Heroin is highly addictive illegal opioid drug.1 As a potent opioid, heroin attaches to opioid receptors in the brain and central nervous system, delivering a euphoric, pleasurable “rush.”2 Heroin blocks pain receptors in the body and also depresses breathing and heart rate.2
Taking large doses of heroin can slow or stop the body’s breathing. When this happens, the brain soon becomes deprived of oxygen in which can lead to coma, brain damage, or death.1
Signs of a heroin overdose include:3
- Slow or no breathing.
- Pale or clammy skin.
- Arms and legs going limp.
- Bluish lips or fingernails.
- Very small pupils.
Heroin overdose deaths are currently on the rise. Drug overdose deaths involving heroin rose from 1,960 in 1999 to 15,469 in 2016, where it’s remained steady with 14,996 deaths reported in 2018.4
What Causes Overdose?
Several factors may increase a person’s risk of overdosing on heroin:
Combining heroin with other CNS depressants: More than 9 in 10 people who use heroin also use at least one other drug.5 People often use heroin along with alcohol, benzodiazepines and other drugs that depress the central nervous system. These substances all have an additive effect on sedation and respiratory depression.5 Around 30% of overdoses involving opioids such as heroin also involved benzodiazepines.6
Relapse following a period of sobriety: Individuals build up a tolerance to heroin and other opioids following regular use of the drug. Tolerance occurs when a person needs higher or more frequent doses of a drug to achieve the same effects.7,8 People who have stopped regular use of heroin risk overdose when they relapse and use as much of the drug as they did before they stopped using. Their bodies are no longer adapted to handle as much heroin as they used to use.8
Heroin laced with fentanyl or another synthetic opioid: Heroin is often “laced” or “cut” with other substances to make it more appealing to buyers. Individuals who use heroin or obtain opioids illegally are often unaware of exactly what they are taking and the potency. Fentanyl and other highly potent synthetic opioids is increasingly being mixed with heroin according to the U.S. Drug Enforcement Administration.9 These synthetic opioids are 80-100 times more potent than heroin and are involved in more deaths than any other illicit drug, raising the risk for heroin users who think they are using a pure or unadulterated drug.10,11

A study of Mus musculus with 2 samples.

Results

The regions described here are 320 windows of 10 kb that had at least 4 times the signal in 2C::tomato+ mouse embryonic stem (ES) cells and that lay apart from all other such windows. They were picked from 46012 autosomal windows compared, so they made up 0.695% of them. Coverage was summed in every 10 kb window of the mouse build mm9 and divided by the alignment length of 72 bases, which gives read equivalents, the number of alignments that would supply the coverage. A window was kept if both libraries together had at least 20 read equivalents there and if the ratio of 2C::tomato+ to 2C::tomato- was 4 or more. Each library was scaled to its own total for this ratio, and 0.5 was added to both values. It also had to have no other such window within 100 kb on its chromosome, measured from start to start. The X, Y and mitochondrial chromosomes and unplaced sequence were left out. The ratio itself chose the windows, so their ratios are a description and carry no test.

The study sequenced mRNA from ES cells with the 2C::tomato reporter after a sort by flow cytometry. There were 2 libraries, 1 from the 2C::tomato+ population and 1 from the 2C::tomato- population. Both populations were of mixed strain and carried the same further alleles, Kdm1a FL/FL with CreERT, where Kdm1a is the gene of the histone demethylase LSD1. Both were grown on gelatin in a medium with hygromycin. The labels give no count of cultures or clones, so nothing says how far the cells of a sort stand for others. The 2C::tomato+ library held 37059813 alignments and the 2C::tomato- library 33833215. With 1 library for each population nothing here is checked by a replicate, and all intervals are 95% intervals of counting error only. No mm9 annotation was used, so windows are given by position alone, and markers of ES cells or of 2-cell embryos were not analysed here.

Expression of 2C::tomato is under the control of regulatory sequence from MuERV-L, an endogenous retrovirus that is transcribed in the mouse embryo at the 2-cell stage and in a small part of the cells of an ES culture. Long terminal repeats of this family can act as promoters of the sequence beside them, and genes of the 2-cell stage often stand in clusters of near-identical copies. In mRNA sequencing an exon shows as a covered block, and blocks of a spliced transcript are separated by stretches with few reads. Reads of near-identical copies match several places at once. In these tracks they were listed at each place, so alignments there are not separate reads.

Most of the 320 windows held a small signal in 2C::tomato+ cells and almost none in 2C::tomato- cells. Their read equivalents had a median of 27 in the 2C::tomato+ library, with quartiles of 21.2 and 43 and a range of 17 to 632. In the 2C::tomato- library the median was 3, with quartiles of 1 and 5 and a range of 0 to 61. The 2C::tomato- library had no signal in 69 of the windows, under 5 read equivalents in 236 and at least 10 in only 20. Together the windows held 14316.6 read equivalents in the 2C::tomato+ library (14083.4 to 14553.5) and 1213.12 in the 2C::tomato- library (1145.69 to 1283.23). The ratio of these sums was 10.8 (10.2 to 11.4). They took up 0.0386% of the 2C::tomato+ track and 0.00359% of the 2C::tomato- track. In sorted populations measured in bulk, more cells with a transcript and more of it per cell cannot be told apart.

The fatal effects of a heroin overdose result from the opioid shutting down areas of the brain that control breathing and heart rate.11 The effects can be reversed by administering the drug naloxone.3
If a person is suspected of overdosing on heroin or any opioid, it’s important to immediately call 9-1-1 and summon emergency medical personnel.12 If naloxone is available, it should be administered as soon as possible.3,12
A drug overdose is a wakeup call, as it is often a strong indication of addiction and a sign that treatment is required. Many emergency department clinicians will now discuss addiction treatment options with patients who have overdosed on heroin, and some will even put them on the path to sobriety by initiating medications for opioid use disorder.13
- National Institute on Drug Abuse. (2019). Drug Facts: Heroin.
- National Institute on Drug Abuse. (2018). What are the immediate (short-term) effects of heroin use?
- National Institute on Drug Abuse. (2019). Drug Facts: Naloxone.
- National Institute on Drug Abuse. (2020). Overdose Death Rates.
- Centers for Disease Control and Prevention. (2015). Vital signs: Today’s Heroin Epidemic.
- National Institute on Drug Abuse. (2019). Benzodiazepines and Opioids.
- National Institute on Drug Abuse. (2018). What are the long-term effects of heroin use?
- Substance Abuse and Mental Health Services Administration. (2019). Opioid Overdose Prevention Toolkit.
- US. Drug Enforcement Administration. (2020). 2019 National Drug Threat Assessment.
- Centers for Disease Control and Prevention. (2020). Opioid Overdose: Fentanyl.
- Miller, S. C., Fiellin, D. A., Rosenthal, R. N., & Saitz, R. (2019). The ASAM Principles of Addiction Medicine, Sixth Edition. Philadelphia: Wolters Kluwer.
- Centers for Disease Control and Prevention. (n.d.). Preventing an Opioid Overdose.
- National Institute on Drug Abuse. (2019). Initiating Buprenorphine Treatment in the Emergency Department.